Michele Bachmann touts experience running small business

By Thomas Beaumont

Associated Press

Published: Sunday, Aug. 14 2011 12:00 a.m. MDT

Republican presidential candidate Rep. Michele Bachmann, R-Minn., holds up a newspaper saying that she won the GOP Straw Poll as she speaks at the Black Hawk County Republican Party Lincoln Day Dinner in Waterloo, Iowa, Sunday, Aug. 14, 2011.

Charles Dharapak, Associated Press

WATERLOO, Iowa — The two fastest-rising stars in the race for the 2012 Republican presidential nomination worked to broaden their appeal Sunday in Iowa.

Michele Bachmann, fresh off her win in a closely watched test vote, portrayed herself as a mainstream Midwesterner. Newcomer Rick Perry introduced himself as a common-sense executive focused on jobs.

Both candidates attended the same county GOP dinner in northern Iowa one day after the race was upended by Bachmann's victory in the Iowa straw poll and Perry's announcement of his candidacy.

And while both candidates have strong ties to the influential evangelical wing of the party and are popular with upstart tea party supporters, they told activists at the Black Hawk County GOP's Lincoln Day dinner in Waterloo that they have credibility on the party's leading priority: jobs.

"I happen to think the biggest issue facing this country is that we are facing economic turmoil, and if we don't have a president that doesn't get this country working, we're in trouble," Perry told about 300 Republicans in Waterloo's Electric Park Ballroom. "And I've got a track record."

Bachmann touted her experience running her family's small business in Minnesota

"We started our own successful small company," she told reporters. "We know how to build from scratch, putting capital together and starting a business from scratch and building it up so that we can actually offer jobs to people."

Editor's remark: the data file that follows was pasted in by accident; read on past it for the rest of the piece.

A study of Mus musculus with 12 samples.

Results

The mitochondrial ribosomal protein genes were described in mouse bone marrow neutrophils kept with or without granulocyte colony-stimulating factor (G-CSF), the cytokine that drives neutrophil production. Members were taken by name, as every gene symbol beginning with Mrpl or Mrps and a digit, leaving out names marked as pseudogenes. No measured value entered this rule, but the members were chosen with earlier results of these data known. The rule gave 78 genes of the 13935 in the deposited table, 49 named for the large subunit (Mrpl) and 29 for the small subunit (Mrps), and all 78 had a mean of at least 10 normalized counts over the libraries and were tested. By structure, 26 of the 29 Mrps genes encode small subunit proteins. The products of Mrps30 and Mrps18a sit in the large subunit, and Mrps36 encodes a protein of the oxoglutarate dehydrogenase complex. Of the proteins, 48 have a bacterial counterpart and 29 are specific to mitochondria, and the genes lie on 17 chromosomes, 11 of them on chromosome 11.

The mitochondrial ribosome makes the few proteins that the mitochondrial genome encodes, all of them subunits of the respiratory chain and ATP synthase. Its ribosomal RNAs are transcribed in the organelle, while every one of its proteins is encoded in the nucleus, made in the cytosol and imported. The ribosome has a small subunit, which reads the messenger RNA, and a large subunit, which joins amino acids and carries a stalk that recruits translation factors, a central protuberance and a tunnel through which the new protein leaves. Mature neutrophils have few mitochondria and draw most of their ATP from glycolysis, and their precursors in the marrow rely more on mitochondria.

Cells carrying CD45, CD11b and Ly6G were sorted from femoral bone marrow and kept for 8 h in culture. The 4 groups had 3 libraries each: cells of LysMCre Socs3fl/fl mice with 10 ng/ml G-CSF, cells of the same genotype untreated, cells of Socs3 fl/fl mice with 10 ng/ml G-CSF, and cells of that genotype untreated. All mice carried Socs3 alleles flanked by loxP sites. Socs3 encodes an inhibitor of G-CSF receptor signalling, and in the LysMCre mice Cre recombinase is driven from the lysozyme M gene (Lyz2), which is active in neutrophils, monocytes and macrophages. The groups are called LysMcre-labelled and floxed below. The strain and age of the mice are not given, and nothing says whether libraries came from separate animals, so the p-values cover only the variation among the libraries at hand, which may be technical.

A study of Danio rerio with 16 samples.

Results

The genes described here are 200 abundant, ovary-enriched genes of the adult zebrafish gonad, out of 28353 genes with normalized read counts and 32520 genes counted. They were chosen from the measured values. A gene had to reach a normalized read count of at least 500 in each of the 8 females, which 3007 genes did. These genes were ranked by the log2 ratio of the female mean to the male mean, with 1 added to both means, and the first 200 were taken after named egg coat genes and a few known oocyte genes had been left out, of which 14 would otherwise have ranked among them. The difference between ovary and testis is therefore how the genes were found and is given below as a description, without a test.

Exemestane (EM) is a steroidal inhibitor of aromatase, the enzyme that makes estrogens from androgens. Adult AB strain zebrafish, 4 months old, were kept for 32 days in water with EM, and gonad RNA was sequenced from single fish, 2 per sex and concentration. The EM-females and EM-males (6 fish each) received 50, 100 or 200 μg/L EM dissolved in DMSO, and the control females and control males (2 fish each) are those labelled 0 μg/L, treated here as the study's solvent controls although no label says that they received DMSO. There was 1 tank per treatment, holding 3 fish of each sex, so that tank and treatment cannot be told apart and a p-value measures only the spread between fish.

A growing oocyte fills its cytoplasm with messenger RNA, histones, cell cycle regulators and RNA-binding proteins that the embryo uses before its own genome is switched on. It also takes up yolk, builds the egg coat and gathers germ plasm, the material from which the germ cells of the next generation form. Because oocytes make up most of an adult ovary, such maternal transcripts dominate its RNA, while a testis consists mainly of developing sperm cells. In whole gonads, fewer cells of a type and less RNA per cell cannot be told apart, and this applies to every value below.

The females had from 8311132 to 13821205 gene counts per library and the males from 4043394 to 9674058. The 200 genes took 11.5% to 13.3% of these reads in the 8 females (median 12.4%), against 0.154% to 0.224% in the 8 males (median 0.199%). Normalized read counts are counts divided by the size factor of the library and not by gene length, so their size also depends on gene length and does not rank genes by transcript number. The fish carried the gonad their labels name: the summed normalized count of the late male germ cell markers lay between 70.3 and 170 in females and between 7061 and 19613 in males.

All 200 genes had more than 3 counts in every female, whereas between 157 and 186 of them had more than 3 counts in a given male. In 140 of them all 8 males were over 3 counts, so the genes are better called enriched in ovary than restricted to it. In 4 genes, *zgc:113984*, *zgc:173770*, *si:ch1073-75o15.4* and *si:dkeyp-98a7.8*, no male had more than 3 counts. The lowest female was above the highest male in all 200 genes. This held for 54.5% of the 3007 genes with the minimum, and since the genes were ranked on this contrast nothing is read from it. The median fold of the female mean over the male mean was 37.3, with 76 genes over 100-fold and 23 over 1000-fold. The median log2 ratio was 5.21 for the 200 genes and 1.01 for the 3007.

A segment of the GOP's establishment and economic conservatives have sat on the sidelines in the early months of the race, waiting for an alternative to former Massachusetts Gov. Mitt Romney. Support for Romney, positioning himself as the Republican most associated with job creation, has been muted in some parts of the GOP primary electorate.

Perry was mobbed by dozens of reporters for his first appearance as a candidate in the leadoff caucus state.

It was a sharp contrast to another part of the room, where presidential hopeful Rick Santorum, a former Pennsylvania senator, moved through the crowd with less commotion.

Perry struggled to move from table to table. "It's going to be a big time," Perry told Cedar Falls Republican Jeanie Balthazor.

In the 24 hours between Perry's announcement in Charleston, S.C., and his arrival in Iowa, the ground had shifted profoundly.

Bachmann, a Minnesota congresswoman, beat her home-state rival Tim Pawlenty by more than 2-to-1 in the Iowa straw poll, an early test of caucus campaign strength. Pawlenty, a former two-term Minnesota governor, had put all his chips on a strong showing in the poll. But his distant third-place finish, behind Texas Rep. Ron Paul, prompted Pawlenty to quit the race Sunday morning.

Bachmann, on the other hand, rose sharply to the top of Iowa polls since launching her campaign in June, and made an aggressive push for straw poll support with evangelical pastors and Christian home-school backers.

Bachmann waited on her campaign bus in the ballroom parking lot while Perry spoke at the fundraiser, and entered the hall to her trademark introduction theme, Elvis Presley's version of "Promised Land."

A vocal opponent of the deal reached in Congress to raise the national debt ceiling, Bachmann sought to broaden her appeal to include budget hawks, and noted her tea party backing to project herself as appealing to a range of voters.

"It's a movement coming together. It's a movement of social conservatives, a movement of fiscal conservatives, particularly on the debt ceiling issue," she said.

But she also stressed her opposition to abortion rights and gay marriage, issues Perry did not touch in his remarks. "Without social conservatives it will be very difficult to beat Barack Obama in 2012," Bachmann said.